A listless New Zealand sharemarket struggled for a direction as nervousness crept in over where Covid-19 will take the country next.
The S&P/NZX 50 Index finished the day 8.90 points or 0.08 per cent ahead at 11,500.82 after trading between 11,491 and 11,575 points. Nearly 68 million shares worth $228.88 million were traded, and there were 76 gainers and 60 decliners over the whole market.
Mark Lister, head of private wealth research at Craigs Investment Partners, said it was "a bit of a directionless day" but there were positive leads from another strong day in the United States and the ongoing support from the Reserve Bank of New Zealand which is determined to keep interest rates low.
"Low interest rates are good for the market, but there is nervousness about whether there will be tougher (lockdown) restrictions. The path for the market over the next week or two will be confirmation of the restrictions and the plethora of corporate earnings.
"Next week will start to get busy. The heavyweights will be reporting, the news will flow and you could see more substantial movements," said Lister.
As the country entered its second day of renewed Covid restrictions, SkyCity declined 3c to $2.40; Tourism Holdings was down 1c to $1.74, and Air New Zealand was steady $1.325, while Auckland International Airport increased 1c to $6.30 on strong turnover of shares worth $22.3m.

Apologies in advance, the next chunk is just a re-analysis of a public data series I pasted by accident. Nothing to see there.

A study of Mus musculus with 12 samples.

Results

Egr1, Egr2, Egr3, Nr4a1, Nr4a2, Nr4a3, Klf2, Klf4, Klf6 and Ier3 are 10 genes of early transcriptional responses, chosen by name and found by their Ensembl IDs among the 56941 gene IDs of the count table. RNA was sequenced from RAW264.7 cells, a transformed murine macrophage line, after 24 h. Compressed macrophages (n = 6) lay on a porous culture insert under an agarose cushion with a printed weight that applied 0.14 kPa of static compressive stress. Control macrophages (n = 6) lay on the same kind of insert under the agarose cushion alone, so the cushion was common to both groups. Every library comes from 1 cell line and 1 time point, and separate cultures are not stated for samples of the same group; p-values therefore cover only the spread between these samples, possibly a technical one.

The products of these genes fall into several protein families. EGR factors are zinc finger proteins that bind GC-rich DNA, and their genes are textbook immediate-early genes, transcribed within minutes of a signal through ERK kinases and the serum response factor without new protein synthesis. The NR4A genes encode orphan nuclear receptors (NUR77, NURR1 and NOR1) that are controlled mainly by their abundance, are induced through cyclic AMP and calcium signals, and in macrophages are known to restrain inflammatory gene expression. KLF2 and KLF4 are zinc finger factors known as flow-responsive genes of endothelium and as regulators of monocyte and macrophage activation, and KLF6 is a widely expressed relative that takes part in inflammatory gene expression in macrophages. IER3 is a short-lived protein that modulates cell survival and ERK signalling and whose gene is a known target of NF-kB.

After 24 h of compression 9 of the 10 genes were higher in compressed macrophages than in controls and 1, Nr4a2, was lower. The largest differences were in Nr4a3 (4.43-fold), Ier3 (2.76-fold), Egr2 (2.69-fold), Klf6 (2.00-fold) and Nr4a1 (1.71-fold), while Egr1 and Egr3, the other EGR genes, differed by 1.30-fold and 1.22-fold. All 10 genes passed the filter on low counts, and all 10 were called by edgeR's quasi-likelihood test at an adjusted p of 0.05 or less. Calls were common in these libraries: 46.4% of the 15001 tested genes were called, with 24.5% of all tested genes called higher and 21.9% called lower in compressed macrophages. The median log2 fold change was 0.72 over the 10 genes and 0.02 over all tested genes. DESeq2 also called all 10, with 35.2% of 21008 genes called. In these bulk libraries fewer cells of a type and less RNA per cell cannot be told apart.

More than $4m worth of Kiwi Property shares changed hands, the Sylvia Park shopping centre owner falling 2c or 1.96 per cent to $1.00. Retailer Kathmandu was down 3c or $2.63 per cent to $1.11
One of the biggest movers, AMP increased 15c or 9.87 per cent to $1.67 after a series of announcements. AMP's profit attributable to shareholders for the first half of this year was A$203m ($220.22m) compared with a loss of $2.29 billion for the same period last year. Revenue slipped slightly from $2.135b to $1.976b.
Following the sale of AMP Life, the established insurance firm is returning A$544m to shareholders including a special dividend of 10c a share. AMP is also repurchasing Mitsubishi Trust and Banking Corporation's 15 per cent shareholding in AMP Capital for $460m as both entities concentrate on their own growth paths.
A busy capital raising period, plus new investors coming onboard, helped NZX to a 41 per cent increase in net profit to $9.1m, compared with $6.4m for the same period last year. Operating earnings were up 21.5 per cent to $17.6m, and NZX's share price rose 4c or 2.61 per cent to $1.57.
Precinct Properties, which developed Commercial Bay at the bottom of Queen St, reported a 81.6 per cent fall in net profit to $35.1m for the year ending June 30. Its portfolio revaluation dropped $66.3m compared with a gain of $161.7m last year, and it announced a full-year dividend of 6c a share. Precinct's share price increased 4.5c or 2.72 per cent to $1.70.
Wall Street had another strong day. The Dow Jones Industrial Average rose 289.93 points or 1.05 per cent to 27,976.84; S&P 500 Index was up 46.66 points or 1.4 per cent to 3380.35; and the technology-driven Nasdaq Index was the best, rising 229.42 points or 2.13 per cent to 11,012.24.
The American market got excited when electric vehicle manufacturer Tesla said it was splitting its shares five for one, and its price rose 12.83 per cent to US$1550.77 ($2361). Apple is also making a four for one share split and its price went up 3.32 per cent to US$452.04.